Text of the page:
Hewlett-Packard to Lay Off 17 Workers
By COURTNEY SHERWOOD
Hewlett-Packard Co. plans to lay off 17 Vancouver employees, effective mid-October, company officials told the Washington Employment Security Department this week.
The news likely comes as relief to HP’s more than 1,000 local employees, who design, engineer and market inkjet printers and have been hearing rumors for months about much deeper cuts.
Workers at a sister site in Corvallis, Ore., received layoff notices last week, and HP officials said that as many as 300 manufacturing jobs could be eliminated there. And at a related site in Boise, Idaho, at least 30 workers have been laid off, and many more – possibly hundreds – received layoff notices Monday, according to the Idaho Statesman newspaper.
“Effective Oct. 17, 17 people will be laid off,” said Sheryl Hutchison, communications director at the Employment Security Department.
“They will be paid full time and work half-time starting Sept. 12,” Hutchison said. “They can use the other half of the time to look for work.”
Vancouver may have been spared worse cuts because of the nature of the work here and because the site has already reduced staff significantly in recent years.
The layoffs in Corvallis and Boise appear to affect primarily manufacturing workers. Printer manufacturing in Vancouver was discontinued in 1998, when HP let 1,200 workers go.
At its peak, the Palo Alto, Calif.-based tech firm employed more than 3,300 people on its 174-acre campus at 18110 S.E. 34th St. By 2005, the last time HP confirmed local employment figures, about 1,800 people worked at the site.
Those familiar with the company say staffing is likely closer to 1,300 now, and possibly even lower.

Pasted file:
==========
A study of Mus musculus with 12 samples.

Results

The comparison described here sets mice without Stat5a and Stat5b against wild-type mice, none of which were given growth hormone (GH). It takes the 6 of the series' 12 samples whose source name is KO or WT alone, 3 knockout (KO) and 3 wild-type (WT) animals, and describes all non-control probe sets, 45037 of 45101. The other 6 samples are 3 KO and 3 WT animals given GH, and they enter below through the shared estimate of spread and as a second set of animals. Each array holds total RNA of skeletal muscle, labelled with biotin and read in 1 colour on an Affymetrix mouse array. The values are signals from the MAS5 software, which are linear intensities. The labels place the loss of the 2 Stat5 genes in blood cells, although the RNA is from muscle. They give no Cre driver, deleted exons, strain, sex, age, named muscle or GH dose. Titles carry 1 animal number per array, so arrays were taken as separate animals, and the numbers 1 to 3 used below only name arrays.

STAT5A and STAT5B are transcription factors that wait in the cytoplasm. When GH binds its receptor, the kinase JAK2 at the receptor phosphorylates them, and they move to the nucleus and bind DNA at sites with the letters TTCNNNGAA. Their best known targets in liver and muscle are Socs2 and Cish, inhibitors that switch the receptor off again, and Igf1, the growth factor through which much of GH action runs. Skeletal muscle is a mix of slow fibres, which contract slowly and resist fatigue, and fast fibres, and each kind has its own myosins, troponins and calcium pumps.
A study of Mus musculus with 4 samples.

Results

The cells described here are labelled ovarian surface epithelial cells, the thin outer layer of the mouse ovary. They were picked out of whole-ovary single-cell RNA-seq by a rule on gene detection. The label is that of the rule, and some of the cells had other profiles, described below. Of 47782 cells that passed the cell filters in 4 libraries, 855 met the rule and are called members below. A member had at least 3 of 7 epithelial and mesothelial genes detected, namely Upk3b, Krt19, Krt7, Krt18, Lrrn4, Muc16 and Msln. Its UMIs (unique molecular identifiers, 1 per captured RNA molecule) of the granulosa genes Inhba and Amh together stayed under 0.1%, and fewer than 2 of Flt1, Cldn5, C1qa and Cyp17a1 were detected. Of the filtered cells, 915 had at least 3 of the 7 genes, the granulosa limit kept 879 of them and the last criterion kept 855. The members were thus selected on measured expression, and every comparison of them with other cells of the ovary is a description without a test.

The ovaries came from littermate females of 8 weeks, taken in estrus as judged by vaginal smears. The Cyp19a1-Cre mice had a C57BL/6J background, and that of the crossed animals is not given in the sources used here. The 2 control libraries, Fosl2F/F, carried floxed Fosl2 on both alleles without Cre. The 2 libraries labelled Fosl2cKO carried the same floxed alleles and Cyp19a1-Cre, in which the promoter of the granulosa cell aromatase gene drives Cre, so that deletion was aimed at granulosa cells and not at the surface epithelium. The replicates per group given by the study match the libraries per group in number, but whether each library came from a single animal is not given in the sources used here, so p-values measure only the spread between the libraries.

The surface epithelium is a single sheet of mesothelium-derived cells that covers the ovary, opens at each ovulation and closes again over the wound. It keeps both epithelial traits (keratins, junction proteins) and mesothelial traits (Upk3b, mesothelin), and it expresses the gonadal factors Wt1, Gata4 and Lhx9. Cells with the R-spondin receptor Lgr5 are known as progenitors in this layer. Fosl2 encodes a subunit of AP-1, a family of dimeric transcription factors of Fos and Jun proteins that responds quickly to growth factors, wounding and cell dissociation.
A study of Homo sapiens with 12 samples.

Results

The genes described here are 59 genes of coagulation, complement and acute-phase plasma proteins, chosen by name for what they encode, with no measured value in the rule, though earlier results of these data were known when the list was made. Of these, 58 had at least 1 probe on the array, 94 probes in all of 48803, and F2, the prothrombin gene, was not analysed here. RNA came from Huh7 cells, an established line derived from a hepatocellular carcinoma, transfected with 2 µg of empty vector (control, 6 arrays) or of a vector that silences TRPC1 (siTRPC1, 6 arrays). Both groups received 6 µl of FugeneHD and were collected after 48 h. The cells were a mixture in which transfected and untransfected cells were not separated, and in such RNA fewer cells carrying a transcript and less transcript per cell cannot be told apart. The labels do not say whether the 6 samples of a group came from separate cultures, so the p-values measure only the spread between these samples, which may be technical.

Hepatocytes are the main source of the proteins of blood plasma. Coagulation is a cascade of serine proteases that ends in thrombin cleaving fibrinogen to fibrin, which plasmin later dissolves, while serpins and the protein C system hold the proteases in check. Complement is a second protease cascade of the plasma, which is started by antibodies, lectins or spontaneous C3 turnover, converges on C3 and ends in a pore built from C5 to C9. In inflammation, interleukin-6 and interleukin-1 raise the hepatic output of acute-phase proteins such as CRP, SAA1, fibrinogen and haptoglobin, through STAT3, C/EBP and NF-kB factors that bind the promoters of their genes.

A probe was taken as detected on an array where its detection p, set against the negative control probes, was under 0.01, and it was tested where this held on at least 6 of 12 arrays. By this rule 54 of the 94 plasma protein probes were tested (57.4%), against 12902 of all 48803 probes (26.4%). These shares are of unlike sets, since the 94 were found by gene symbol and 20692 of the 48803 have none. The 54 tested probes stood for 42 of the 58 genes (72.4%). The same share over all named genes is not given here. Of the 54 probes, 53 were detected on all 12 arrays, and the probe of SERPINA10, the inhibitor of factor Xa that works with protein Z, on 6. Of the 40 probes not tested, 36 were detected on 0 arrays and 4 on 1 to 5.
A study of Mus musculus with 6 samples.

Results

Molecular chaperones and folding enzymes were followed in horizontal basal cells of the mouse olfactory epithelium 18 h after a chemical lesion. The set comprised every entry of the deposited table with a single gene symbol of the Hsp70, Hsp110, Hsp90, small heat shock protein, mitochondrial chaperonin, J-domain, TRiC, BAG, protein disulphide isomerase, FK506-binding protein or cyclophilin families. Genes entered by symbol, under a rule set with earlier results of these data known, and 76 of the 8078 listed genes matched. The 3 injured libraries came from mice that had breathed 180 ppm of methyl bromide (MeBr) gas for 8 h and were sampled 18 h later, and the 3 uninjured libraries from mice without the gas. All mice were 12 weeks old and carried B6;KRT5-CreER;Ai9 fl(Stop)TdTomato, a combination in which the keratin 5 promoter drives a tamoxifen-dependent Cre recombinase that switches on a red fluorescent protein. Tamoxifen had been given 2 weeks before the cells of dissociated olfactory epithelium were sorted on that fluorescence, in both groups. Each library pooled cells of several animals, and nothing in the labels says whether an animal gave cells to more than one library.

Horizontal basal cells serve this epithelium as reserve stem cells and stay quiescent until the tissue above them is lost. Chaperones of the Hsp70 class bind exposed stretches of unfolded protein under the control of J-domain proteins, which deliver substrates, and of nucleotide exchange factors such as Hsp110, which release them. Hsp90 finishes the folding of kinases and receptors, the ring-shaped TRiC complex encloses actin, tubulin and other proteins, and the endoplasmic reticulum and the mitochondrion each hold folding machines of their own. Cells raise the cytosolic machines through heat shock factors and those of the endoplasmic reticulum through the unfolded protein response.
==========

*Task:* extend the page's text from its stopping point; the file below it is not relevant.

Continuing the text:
“As far as I know, there were not a lot of layoffs,” said a former engineer who left about a year ago. “But they weren’t replacing people. When one person transferred to another division outside of this HP office, the company would not replace the person.”
HP issued a statement earlier this month that it plans to maintain a strong presence in Vancouver, despite staff reductions and an effort to sell its local real estate and buildings.
But in a conference call with investors on Aug. 19, Mark Hurd, HP’s chief executive officer, said there would be cuts to underperforming segments of the company’s Imaging and Printing Division. Sales of the kinds of printers designed in Vancouver are lagging, and the company is investing more to instead develop and sell large ink presses with higher profit margins.
HP officials declined to comment on how these plans would affect Vancouver operations.
Hewlett-Packard Co. told employees in Corvallis, Ore., that it would cut as many as 300 jobs there, but did not say how it would affect related operations in Vancouver.
HP plans to lay off 17 Vancouver employees, the company told state officials this week.
The layoffs are effective Oct. 17.
Courtney Sherwood covers Hewlett-Packard. Reach her at 360-735- 4553 or
Originally published by COURTNEY SHERWOOD Columbian staff writer.